University celebrates Catalyst and Discovery awards winners
Recipients lauded for 'irresistible curiosity and the love of discovery' that are Johns Hopkins' hallmarks
The university celebrated its own this week—from a poet assembling the life of a poet laureate to a scientist probing an insect's nose. They were among the recipients of Johns Hopkins' third annual Catalyst and Discovery awards, the largest institutional commitment to faculty research in the nation.
Welcoming the 2018 winners on Oct. 2 at the Peabody Library, JHU President Ronald J. Daniels quoted conservatory founder George Peabody when he said that the Mount Vernon landmark had been designed for "everyone [with] an irresistible love of science or literature."
And, in particular, Daniels said proudly, "the highest and the best."
And then he congratulated more than 100 of the best at Hopkins for winning this year's Catalyst (up to $75,000) and Discovery (up to $100,000) honors. The Catalyst Award winners, he said, spanned eight academic divisions and 24 departments, while Discovery Awards went to 30 "innovative teams comprising more than 100 creative, passionate faculty."
It is money, the president told the crowd, dedicated to giving the recipients "the ability to just dream" in advance of the fabled "ah-ha" moment from which all progress proceeds.
Daniels was followed at the lectern by university Provost Sunil Kumar, who said the "precious" allotments would be best spent if "used to take calculated risks … beyond departmental boundaries."
Based on the vast array of projects described in the evening's program, what can only be imagined today might result one far-off day in screenings for ovarian cancer, noninvasive removal of lesions and tumors on the brain, and tests to diagnose concussions before the appearance of symptoms.
The evening of food and drink and joyous congratulations took place in the shadow of the Washington Monument, while less than a couple of miles away in pretty much any direction lie the struggles at the heart of Catalyst winner Kamila Alexander's work.
An assistant professor of nursing and a veteran of the Peace Corps, Alexander is examining Social Norms and Relationship Dynamics Among Disadvantaged Black Emerging Adult Men in Baltimore.
More simply, she is looking for ways to provide better futures for young city males prone to leaving school before graduation and committing violence against intimate partners.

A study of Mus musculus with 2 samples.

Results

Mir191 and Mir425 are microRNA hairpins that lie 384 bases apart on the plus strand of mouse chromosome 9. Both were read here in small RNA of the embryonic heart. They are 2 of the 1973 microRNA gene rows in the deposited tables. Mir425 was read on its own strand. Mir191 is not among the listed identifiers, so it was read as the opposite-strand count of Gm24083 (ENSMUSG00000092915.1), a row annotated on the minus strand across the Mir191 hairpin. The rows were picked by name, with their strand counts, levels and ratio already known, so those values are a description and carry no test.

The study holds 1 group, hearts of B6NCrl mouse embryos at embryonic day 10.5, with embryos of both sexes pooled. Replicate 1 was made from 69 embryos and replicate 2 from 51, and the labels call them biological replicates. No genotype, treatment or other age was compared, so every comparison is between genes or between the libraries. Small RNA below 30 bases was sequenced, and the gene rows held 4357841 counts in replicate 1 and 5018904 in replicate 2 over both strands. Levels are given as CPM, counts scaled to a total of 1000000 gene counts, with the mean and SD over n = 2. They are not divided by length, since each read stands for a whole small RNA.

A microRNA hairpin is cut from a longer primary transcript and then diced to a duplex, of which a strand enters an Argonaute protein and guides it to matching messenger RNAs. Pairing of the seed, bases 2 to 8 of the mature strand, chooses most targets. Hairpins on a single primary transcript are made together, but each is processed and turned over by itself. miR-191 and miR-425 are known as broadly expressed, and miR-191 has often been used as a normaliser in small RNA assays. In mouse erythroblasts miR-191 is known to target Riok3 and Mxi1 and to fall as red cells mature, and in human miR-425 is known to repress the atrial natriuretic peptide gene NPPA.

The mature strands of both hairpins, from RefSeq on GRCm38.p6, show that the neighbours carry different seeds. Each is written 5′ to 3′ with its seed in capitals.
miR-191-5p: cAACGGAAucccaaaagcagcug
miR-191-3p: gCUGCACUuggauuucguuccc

"I'm looking at masculinity norms" as they relate to trauma both inflicted and received, said Alexander, whose preliminary "small study" was based on 25 males at the Youth Opportunity Baltimore program for out-of-school youth.
The unrestricted Catalyst grant will help Alexander create a much larger proposal to identify "perceived social norms … susceptible to change" and the creation of "trauma-informed" intervention.
On the other side of the room, Tom Pisanic, an assistant research scientist in the Whiting School of Engineering's Institute for NanoBioTechnology, and Tian-Li Wang, a professor of gynecologic pathology at the School of Medicine, talked about their work in identifying "markers" that would signal the risk or presence of ovarian cancer before it is visible. They were given a Discovery award with two other team members: Ie Ming Shih, also a professor of gynecologic pathology in the School of Medicine, and Jeff Tza-Huei Wang, a professor of mechanical engineering in the Whiting School.
"I've been doing cancer research for 15 years," said Tian-Li Wang, who noted that her mentor in the field was recently diagnosed with breast cancer and seems to have stabilized, but that those diagnosed with ovarian cancer, she says, do not have the same prospects for survival.
Explained Pisanic, "Most of the tools necessary for identifying markers" indicating the probability of ovarian cancer "are out there. We're using them to try and find those markers.
"It's called epigenetics," he said. "We're doing [digital] methylation analysis. We're at least five to seven years away from taking something to the FDA at the earliest, but we're trying to show that it's feasible."
And in that simple idea—the labor that goes into attempts to show that something spectacular might work—lies the soul of what the entire evening was about, what President Daniels earlier called "irresistible curiosity and the love of discovery."
This was the motivation that led poet David Yezzi, an associate professor in the Writing Seminars, to begin a decade-long project—with Catalyst funding allowing him to cross the finish line in a couple of years—on the life of former poet laureate of the United States Anthony Hecht (1923-2004).
"The claim my [biography] will make for Hecht is that he is the greatest American poet of the Holocaust," said Yezzi, who had just returned from Emory University in Atlanta, where Hecht's papers are kept. "As an American GI, he witnessed it firsthand when [his unit] liberated the Flossenburg concentration camp" near the Czech border.
A poet of genocide, a troubled city that sometimes seems to be committing genocide against itself, cancers composing death notices before anyone knew they were sick, plus research into the olfactory systems of mosquitoes to figure out why bug repellant isn't as repellant as it should be, ongoing problems with exposure to lead, and more than 30 other projects—these are some of the scenarios upon which the Catalyst and Discover awards hope to shine a light.